Boring title, I know, but I wanted to be succinct. Being a strength coach and a lover of squats, I have read Mark Rippetoe’s book Starting Strength (and a couple others…). If you haven’t read this, and you’re interested in being a stronger, more efficient lifter, read it. Anyway, Rippetoe breaks down the squat, very well I might add, into it’s parts so that when done all together, you have a pretty good lookin’ squat. The bit I want to focus on today is keeping the barbell over the mid foot while squatting. (this also applies to front squatting and squatting with a dumbbell in a goblet position)
The first figure is front squatting and the second is squatting with a high bar position and the third with a low bar position. Ryan posted about the difference here. Regardless of where the bar is on the body, the bar path is always directly above the mid foot. Why do you care?
Lifter + Barbell = Lifter-Barbell complex (the total weight of you and the barbell)
When the weight is light, you will be the larger precentaage of the total weight but as the weight on the bar increases, the barbell becomes more of the total weight and thus the center of mass now becomes the barbell. (still with me?)
Therefore, keeping the barbell over your mid foot (and thus over the mid line of your body) a) the weight is distributed over the whole foot so it makes sense to that it would be balanced in the middle part of your foot. This prevents you from plunging forward or toppling backwards. And b) the barbell travels in a straight line and we know from geometry that the quickest ways between two points is a straight line. Thus your skeleton and muscles can be the most efficient in moving the weight up and down.
When on the quest to get stronger and pick up progressively heavier things, proper biomechanics help a lot (read: A LOT). Take a look at Lisa’s squat; watch how her lower back/butt tucks under (hyena butt) at the bottom of the squat:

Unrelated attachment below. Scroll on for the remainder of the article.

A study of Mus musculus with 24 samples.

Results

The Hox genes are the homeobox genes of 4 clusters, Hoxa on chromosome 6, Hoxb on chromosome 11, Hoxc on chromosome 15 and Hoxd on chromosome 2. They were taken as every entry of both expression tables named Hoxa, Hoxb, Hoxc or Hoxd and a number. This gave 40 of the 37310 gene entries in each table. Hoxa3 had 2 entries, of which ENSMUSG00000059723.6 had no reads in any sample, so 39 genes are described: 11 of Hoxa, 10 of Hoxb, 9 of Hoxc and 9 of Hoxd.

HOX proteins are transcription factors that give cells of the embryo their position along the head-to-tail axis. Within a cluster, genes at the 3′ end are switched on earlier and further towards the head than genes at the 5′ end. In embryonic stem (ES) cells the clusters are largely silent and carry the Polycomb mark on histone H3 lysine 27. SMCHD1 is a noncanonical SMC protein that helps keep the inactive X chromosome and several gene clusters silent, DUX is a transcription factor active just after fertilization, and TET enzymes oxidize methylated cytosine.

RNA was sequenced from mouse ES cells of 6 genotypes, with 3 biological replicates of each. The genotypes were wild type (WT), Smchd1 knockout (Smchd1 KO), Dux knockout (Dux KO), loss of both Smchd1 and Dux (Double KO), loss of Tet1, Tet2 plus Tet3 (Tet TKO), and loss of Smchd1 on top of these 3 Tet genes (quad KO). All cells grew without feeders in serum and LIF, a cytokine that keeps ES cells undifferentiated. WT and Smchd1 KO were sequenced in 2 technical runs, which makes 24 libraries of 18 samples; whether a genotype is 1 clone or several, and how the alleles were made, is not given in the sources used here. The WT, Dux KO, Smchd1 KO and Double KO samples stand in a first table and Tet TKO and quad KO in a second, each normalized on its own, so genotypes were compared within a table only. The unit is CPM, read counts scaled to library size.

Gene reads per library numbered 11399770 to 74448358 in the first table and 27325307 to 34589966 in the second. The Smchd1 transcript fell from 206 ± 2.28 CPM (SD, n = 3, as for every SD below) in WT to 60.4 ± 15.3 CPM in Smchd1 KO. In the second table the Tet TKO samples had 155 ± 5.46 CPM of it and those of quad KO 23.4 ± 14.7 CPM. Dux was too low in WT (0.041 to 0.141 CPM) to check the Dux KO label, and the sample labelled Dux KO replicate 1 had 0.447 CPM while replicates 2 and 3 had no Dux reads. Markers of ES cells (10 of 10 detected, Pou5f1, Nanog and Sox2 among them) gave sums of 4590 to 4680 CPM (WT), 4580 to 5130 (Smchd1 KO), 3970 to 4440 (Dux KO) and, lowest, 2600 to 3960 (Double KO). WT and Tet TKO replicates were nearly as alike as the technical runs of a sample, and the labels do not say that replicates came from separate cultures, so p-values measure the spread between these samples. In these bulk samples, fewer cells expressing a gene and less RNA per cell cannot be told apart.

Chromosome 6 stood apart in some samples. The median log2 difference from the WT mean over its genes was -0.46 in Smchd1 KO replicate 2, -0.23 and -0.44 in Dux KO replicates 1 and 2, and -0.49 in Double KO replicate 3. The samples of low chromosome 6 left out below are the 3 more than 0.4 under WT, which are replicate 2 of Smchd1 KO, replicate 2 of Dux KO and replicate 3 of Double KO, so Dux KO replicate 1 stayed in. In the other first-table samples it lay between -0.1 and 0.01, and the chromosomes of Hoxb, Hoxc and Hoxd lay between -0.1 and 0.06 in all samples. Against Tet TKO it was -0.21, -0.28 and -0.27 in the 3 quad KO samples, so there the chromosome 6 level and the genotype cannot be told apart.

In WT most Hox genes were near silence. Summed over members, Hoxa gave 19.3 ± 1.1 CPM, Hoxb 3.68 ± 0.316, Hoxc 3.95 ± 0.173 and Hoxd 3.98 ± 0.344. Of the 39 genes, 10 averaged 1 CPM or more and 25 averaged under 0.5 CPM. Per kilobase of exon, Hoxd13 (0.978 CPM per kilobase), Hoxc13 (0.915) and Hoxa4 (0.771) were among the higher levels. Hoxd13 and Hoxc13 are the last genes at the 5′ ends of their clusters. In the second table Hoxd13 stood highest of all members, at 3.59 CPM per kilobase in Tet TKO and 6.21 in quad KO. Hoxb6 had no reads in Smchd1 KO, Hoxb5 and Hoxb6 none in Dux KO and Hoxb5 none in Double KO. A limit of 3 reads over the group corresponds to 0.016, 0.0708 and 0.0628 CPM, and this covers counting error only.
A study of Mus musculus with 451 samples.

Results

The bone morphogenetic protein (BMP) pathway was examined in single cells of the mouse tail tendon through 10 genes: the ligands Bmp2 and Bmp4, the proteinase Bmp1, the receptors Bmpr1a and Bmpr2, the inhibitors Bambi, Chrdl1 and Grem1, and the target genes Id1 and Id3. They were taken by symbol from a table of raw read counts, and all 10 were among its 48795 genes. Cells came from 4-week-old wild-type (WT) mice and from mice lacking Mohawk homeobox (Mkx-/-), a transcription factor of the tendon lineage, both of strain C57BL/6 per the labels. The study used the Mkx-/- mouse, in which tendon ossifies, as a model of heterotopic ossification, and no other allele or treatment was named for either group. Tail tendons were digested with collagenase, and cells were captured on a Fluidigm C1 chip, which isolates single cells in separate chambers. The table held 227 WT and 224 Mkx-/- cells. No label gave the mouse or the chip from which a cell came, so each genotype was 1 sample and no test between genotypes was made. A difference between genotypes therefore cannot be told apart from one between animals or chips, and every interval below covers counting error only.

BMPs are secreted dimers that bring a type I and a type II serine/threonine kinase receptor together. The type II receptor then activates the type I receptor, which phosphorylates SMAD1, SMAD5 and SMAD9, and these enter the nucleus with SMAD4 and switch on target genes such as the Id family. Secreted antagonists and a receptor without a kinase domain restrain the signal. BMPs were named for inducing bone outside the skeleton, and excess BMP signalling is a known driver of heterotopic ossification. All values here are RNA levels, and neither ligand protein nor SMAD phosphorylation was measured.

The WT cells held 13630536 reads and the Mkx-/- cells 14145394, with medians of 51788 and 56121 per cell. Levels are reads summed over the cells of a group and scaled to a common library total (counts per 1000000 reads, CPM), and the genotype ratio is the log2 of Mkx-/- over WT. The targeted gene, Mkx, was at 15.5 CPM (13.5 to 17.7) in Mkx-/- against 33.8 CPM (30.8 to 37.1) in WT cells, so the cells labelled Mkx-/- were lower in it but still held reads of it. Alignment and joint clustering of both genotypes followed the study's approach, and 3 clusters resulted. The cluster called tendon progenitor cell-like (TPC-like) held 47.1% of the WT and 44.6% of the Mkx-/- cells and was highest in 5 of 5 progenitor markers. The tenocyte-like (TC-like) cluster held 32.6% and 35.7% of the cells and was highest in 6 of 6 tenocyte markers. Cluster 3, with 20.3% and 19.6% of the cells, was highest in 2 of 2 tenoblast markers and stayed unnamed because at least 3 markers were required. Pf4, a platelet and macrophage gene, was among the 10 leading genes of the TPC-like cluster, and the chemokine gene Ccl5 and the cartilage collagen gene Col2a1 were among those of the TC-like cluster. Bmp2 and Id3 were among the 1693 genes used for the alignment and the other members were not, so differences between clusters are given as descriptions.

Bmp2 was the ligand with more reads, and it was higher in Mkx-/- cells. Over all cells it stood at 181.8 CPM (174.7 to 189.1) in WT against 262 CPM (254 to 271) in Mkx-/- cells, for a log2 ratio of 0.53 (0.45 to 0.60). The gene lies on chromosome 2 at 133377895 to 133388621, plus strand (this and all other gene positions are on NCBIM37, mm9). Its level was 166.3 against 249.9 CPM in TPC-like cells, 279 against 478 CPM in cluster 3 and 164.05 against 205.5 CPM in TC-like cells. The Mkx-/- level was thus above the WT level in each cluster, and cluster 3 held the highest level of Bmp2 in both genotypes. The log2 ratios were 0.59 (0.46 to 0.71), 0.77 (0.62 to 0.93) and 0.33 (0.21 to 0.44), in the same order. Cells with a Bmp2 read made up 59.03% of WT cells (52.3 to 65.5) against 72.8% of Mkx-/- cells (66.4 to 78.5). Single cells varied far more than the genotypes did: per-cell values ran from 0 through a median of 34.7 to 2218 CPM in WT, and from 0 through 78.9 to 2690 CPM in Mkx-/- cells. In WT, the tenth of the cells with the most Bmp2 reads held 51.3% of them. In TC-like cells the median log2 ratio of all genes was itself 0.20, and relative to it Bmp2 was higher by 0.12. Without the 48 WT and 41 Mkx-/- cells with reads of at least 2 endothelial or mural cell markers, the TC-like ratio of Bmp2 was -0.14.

Now, this could be a function of tight hamstrings, weak erectors or poor bracing. I know Lisa; she doesn’t have tight hamstrings, she can deadlift 300 pounds (pretty sure her erectors are strong and she knows how to brace), so what’s going on? We’ve tried numerous cues/tactics from changing her stance, to bar postion, to tucking elbows more… you name it! But it wasn’t until we filmed her squat and I was able to see that the bar was in not over her mid foot. So Lisa and I had a pow-wow and this was the result:
No hyena butt! Yay! My theory is that now that the weight was more evenly distributed, she didn’t have to resort to the compensatory patterns of tucking under to remain balanced. Notice too, that in an effort to keep the bar over her mid foot, she had to lean forward more in her torso. That’s ok!! That’s probably what helped with the stability part. If you look at the picture above, the back-squatters have quite a bit of forward lean to the torso. Embrace the lean!
Parting thought: Pretend that the weight, barbell or dumbbell, is on a vertical track directly above the middle of your foot. Your job is to keep it in that track as you squat up and down.